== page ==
Daily Independent (Lagos)

7 February 2011

Lagos — Royal Dutch Shell at the weekend continued its defence on allegation of environmental and human rights impacts in Nigeria even as the controversy of the company’s alleged cover up of 44, 000 barrels oil spill continued.

Shell stands the chance of paying damages if found guilty of the allegations, which are considered weighty in the wake of the billions of dollars in fines handed BP by the U.S. government over the Gulf of Mexico disaster.

Amnesty International (AI) and Friends of the Earth International (FoEI) had announced that they had filed formal complaints with the British and Dutch governments over Shell’s failure to take responsibility for the majority of the oil pollution in the Nigeria’s oil rich Niger Delta region.

But the company denied the allegation maintaining that the discrepancy between the originally reported figure for 2008 and the updated one was explained at length in our 2009 briefing notes – which are available on the web.

“The spill was 44k bbls (44, 000 barrels). It was not included originally because it had not been certified by the independent joint inspection team. We were proactive in bringing this to the attention of many interested third parties, including Amnesty International,” Shell spokesperson, Precious Okolobo said.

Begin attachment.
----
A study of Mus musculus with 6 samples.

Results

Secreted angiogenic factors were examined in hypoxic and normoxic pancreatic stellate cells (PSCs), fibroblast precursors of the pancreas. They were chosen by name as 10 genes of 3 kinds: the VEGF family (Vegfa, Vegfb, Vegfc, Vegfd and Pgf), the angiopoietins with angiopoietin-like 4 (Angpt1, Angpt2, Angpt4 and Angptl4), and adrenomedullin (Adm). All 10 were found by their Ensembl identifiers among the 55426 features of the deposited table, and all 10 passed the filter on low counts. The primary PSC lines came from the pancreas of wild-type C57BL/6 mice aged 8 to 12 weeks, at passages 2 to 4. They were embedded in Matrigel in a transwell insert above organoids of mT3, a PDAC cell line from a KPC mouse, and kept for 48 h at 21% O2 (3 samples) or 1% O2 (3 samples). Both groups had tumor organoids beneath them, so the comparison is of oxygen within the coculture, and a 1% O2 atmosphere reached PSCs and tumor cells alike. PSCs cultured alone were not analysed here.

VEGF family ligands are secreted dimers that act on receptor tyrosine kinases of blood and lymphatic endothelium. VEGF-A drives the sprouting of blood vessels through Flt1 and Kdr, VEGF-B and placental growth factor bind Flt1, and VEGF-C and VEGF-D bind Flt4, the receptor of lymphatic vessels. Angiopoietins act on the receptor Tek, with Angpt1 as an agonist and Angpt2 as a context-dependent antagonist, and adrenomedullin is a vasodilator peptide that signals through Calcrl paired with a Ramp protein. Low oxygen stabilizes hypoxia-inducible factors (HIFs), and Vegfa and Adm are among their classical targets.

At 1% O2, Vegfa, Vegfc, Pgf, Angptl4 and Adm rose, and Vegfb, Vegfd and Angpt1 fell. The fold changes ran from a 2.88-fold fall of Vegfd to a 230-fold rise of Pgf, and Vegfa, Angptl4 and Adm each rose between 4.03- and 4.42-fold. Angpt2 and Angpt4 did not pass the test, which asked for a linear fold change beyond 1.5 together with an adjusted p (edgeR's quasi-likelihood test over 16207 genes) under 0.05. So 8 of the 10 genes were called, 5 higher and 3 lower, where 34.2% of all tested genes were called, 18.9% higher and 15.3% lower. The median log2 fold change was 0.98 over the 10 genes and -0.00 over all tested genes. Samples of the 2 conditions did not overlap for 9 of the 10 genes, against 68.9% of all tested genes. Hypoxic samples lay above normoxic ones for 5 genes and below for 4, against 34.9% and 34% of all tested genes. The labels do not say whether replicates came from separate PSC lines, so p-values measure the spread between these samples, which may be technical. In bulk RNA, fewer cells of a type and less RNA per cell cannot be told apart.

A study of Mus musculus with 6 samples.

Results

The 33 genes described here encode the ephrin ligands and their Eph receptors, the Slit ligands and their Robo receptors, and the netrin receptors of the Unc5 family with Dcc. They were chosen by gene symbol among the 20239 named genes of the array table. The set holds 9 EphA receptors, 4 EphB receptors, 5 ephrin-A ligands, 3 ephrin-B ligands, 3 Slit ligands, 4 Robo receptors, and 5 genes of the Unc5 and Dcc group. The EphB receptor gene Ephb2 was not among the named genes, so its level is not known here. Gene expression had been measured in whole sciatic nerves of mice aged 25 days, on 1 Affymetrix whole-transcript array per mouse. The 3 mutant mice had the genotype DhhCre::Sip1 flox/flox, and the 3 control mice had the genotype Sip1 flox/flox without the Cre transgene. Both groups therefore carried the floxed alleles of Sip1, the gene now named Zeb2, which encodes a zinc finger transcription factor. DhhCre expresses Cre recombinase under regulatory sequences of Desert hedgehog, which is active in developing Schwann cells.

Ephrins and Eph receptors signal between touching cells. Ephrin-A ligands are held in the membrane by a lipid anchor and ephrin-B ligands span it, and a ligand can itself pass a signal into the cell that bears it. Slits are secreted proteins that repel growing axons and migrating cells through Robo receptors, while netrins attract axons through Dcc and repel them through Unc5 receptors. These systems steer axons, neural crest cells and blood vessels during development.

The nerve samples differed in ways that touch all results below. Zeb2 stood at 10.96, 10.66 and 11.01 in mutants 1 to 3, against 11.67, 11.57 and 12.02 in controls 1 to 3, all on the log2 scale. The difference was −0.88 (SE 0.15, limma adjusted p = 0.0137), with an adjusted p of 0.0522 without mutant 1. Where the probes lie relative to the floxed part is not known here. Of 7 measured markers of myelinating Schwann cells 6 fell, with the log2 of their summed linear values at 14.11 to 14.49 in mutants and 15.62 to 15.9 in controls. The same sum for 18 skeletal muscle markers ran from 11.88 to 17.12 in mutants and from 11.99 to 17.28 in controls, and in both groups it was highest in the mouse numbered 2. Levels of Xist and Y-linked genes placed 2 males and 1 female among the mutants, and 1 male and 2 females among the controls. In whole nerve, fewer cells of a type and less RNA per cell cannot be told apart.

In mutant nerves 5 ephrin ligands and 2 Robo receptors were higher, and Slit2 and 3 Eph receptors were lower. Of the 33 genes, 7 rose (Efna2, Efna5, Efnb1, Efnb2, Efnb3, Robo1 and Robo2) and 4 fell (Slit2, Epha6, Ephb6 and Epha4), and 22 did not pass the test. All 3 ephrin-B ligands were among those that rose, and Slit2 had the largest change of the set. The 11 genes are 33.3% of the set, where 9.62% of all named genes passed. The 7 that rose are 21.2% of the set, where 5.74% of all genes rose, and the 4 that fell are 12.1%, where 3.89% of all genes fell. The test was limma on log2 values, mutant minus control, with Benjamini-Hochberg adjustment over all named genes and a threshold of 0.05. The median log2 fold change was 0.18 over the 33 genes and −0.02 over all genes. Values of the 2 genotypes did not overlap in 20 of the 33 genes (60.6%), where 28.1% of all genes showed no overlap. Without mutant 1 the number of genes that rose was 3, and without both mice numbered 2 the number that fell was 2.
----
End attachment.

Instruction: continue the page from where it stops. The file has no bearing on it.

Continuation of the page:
He added in another e-mail message that the Shell Petroleum Development Company of Nigeria-operated Joint Venture has continued to strengthen the economies of its host communities.

The company, he said, spent N5.53 billion between 2005 and 2010 on various economic empowerment programmes in the Niger Delta.

“These include 241 micro-credit schemes, 35 agro and fisheries and 120 land and marine transport projects. Another set of skills and enterprise development programmes within the same period directly benefitted over 5,200 youths.”

But (AI) and Friends of the Earth International (FoEI) insisted that Shell “breached the OECD Guidelines for Multinational Enterprises” for allegedly using discredited and misleading information to blame the majority of oil pollution in the Niger Delta on sabotage.

The advocacy groups noted that under Nigerian law, Shell does not have any liability for the oil spills if the environmental damage is found to be the result of sabotage.

Nnimmo Bassey, who heads the Friends of the Earth branch in Nigeria, said evidence contradicts Shell’s claims in the Niger Delta.

“Several studies have placed the bulk of the blame for oil spills in the Niger Delta on the doorsteps of the oil companies; particularly Shell,” he said in a statement. “It should take its responsibility and clean up the mess it made in our country.” The company has been at dagger drawn with Amnesty International and Friends of the Earth International (FoEI) over its operations in the Niger Delta over reports that it breached basic standards for responsible business set out by the Organisation for Economic Co-operation and Development (OECD).

The groups said Shell in the 1990s took responsibility for much of the oil pollution in the Niger Delta. Now, however, the company is blaming sabotage by rebel groups for more than 90 percent of the oil spills in the region, the groups claim.

On the economic empowerment programme by Shell, the company’s General Manager Sustainable Development and Community Relations, Tony Attah said: “Our economic empowerment programmes date back to the 1960s.